Subject: [ggl] Proposal for Delauney triangulation algorithm
From: John Swensen (jpswensen)
Date: 2011-10-28 03:17:41
On Oct 25, 2011, at 4:26 PM, Barend Gehrels wrote:
> I understand that it is not that easy. First, I understand that you categorize Delauney as simplify, but I don't think that makes it easier. We (also internally) had difference about the border between strategy and algorithm, and sometimes it is just not that easy.
> In this case, the simplify of a polygon (one polygon) might result in a multipolygon of sometimes maybe 10000 polygons, so it is more simple to render, but in other aspects it is much more complex. So personally I would not consider this as a case of simplify. In the GIS world simplify is often known as generalization, omitting points (or even polygons) from a shape.
> Further, though the geometry-concepts are relatively easy to use, designing a strategy-concept is way more difficult. I would not certainly start with that approach, also not if I would do it myself. There are many algorithms in Boost.Geometry without strategies, and for some it might be that they will not come at all. The pattern is that there is an overload without strategy, and sometimes one with a strategy, so starting without is a convenient apporach, we can always add an overload later without breaking the interface.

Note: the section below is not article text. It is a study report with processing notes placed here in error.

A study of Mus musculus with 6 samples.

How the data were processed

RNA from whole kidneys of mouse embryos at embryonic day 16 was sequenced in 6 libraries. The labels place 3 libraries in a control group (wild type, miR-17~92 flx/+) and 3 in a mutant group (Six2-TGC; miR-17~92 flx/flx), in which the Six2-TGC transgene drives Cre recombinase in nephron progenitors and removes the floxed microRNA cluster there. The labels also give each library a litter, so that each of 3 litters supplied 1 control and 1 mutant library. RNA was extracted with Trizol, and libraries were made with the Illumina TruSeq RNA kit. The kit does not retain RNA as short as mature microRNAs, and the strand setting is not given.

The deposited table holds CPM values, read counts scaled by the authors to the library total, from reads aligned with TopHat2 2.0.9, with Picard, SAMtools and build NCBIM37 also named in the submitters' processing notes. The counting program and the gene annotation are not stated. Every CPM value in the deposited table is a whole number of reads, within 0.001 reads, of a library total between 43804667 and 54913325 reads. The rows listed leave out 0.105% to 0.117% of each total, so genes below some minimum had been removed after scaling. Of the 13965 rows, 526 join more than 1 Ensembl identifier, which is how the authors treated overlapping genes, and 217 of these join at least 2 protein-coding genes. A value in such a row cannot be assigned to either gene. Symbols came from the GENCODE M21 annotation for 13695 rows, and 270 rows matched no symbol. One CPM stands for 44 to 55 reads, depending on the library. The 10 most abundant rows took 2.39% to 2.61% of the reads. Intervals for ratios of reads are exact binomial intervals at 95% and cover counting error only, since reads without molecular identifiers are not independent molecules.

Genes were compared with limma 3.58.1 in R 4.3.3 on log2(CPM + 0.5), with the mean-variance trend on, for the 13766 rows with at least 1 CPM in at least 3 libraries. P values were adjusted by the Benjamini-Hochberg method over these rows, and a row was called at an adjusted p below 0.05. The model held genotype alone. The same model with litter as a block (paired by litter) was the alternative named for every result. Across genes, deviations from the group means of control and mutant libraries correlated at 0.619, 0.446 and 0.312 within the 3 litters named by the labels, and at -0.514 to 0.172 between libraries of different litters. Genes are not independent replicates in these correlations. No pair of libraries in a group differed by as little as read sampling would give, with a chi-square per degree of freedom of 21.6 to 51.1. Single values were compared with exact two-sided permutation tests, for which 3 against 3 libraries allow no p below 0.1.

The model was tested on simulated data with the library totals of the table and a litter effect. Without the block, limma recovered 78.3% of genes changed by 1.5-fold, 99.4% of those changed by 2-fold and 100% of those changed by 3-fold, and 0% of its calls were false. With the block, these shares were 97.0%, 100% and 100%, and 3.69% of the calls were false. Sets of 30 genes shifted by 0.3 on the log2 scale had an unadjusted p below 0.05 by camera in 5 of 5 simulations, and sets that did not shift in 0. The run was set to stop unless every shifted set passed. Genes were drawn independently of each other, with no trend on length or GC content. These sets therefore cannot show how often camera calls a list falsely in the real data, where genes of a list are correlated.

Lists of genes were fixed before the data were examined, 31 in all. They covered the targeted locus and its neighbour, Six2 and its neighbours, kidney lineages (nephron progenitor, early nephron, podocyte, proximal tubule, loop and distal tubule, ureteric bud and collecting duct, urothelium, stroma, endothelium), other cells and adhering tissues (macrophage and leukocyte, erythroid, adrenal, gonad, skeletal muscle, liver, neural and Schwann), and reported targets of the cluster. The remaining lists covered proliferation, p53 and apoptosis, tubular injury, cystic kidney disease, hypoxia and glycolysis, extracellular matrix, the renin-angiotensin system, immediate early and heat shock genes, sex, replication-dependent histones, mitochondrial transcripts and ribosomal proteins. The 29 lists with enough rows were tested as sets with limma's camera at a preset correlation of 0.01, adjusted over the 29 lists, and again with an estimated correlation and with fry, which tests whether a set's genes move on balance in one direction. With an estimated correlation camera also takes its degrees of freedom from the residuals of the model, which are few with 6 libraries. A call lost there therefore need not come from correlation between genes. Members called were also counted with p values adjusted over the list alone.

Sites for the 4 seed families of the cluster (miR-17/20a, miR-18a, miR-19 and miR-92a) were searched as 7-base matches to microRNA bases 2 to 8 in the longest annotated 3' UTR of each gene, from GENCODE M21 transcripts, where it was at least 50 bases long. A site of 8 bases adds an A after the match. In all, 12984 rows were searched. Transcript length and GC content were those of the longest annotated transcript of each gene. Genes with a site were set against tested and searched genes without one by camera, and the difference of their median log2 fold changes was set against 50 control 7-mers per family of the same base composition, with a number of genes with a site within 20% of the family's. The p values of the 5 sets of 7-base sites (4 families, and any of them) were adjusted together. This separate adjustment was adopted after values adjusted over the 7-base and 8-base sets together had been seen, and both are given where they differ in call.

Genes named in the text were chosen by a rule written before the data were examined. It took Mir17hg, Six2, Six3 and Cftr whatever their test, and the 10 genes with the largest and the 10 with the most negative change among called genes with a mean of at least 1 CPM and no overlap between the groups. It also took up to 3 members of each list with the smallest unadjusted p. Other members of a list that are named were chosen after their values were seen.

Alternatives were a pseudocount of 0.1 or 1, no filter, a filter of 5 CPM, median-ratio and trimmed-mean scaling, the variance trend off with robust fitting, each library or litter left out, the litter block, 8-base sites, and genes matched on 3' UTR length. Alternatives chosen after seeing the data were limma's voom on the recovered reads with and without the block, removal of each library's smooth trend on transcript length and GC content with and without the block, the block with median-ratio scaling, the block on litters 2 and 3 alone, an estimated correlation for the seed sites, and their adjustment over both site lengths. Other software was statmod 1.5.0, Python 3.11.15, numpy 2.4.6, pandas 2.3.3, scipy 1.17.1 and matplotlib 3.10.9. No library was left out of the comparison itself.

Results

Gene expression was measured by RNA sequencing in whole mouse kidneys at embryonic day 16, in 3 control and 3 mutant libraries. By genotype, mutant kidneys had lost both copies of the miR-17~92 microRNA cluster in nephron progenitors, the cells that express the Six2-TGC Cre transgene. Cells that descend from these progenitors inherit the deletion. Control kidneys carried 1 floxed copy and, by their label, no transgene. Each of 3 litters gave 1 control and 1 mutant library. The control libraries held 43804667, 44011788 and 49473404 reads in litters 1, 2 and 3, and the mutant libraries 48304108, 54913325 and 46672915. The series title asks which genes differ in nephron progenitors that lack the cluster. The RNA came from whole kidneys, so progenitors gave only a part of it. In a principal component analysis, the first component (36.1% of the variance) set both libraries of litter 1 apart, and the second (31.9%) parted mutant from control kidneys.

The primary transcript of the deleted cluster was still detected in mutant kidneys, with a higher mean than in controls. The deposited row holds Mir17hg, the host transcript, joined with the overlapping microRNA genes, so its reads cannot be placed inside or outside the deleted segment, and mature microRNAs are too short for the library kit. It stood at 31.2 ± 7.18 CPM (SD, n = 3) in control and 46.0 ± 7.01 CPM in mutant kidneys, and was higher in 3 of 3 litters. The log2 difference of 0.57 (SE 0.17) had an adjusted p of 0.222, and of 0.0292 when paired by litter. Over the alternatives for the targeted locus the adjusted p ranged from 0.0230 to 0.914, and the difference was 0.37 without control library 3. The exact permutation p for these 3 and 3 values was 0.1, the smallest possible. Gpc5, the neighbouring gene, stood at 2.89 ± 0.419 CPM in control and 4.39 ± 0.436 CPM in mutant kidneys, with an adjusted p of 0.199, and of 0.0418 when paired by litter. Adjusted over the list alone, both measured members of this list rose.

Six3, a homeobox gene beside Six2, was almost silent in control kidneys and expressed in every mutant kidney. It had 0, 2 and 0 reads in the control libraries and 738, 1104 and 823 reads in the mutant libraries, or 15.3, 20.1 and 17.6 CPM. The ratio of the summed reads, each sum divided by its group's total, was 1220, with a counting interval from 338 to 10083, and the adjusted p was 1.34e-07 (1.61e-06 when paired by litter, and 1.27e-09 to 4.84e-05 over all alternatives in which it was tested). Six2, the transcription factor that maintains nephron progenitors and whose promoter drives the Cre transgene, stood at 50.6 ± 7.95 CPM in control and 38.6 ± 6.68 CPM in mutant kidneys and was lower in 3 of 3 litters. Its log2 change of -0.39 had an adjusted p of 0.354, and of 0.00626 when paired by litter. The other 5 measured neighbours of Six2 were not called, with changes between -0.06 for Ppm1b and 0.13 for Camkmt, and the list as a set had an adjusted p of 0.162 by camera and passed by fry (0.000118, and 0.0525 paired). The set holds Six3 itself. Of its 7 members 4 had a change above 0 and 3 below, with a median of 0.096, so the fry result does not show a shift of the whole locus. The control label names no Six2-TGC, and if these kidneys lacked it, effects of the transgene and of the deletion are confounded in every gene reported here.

> So I would start with just a new algorithm, no strategy, and using geometry-concepts. This would (I think) also be the most straightforward port of the existing algorithm.
> Does this help?
> Regards, Barend
That did help a lot. I think I am kindof getting the hang of it. I at least have the algorithm, dispatch, and detail in place such that things are called properly when applied to different geometries. I kindof decided against trying to use the poly2tri code exactly, but instead reimplement their modification of the line sweep Delauney triangulation. I am mostly just following their documentation and referring to their code when I need some clarification. This has seemed a lot easier than trying to munge their code exactly.
That being said, I have a few questions:
1) What is the appropriate way to split a polygon? In the detail portion of the algorithm, in the specialization for polygon, it would be easiest to define portions of the Ranges for the exterior and interior ranges to be combined to make a new polygon. Maybe this isn't possible, but would be interested in an example of this if one exists.
2) Return types for algorithms. Is the approach taken in the union_ algorithm the correct approach to get one geometry in and another geometry (or better said a multi_geometry) out?
I know I could figure these things out if I mess around enough (and will in the meantime), but little tips here and there sure help me learn faster.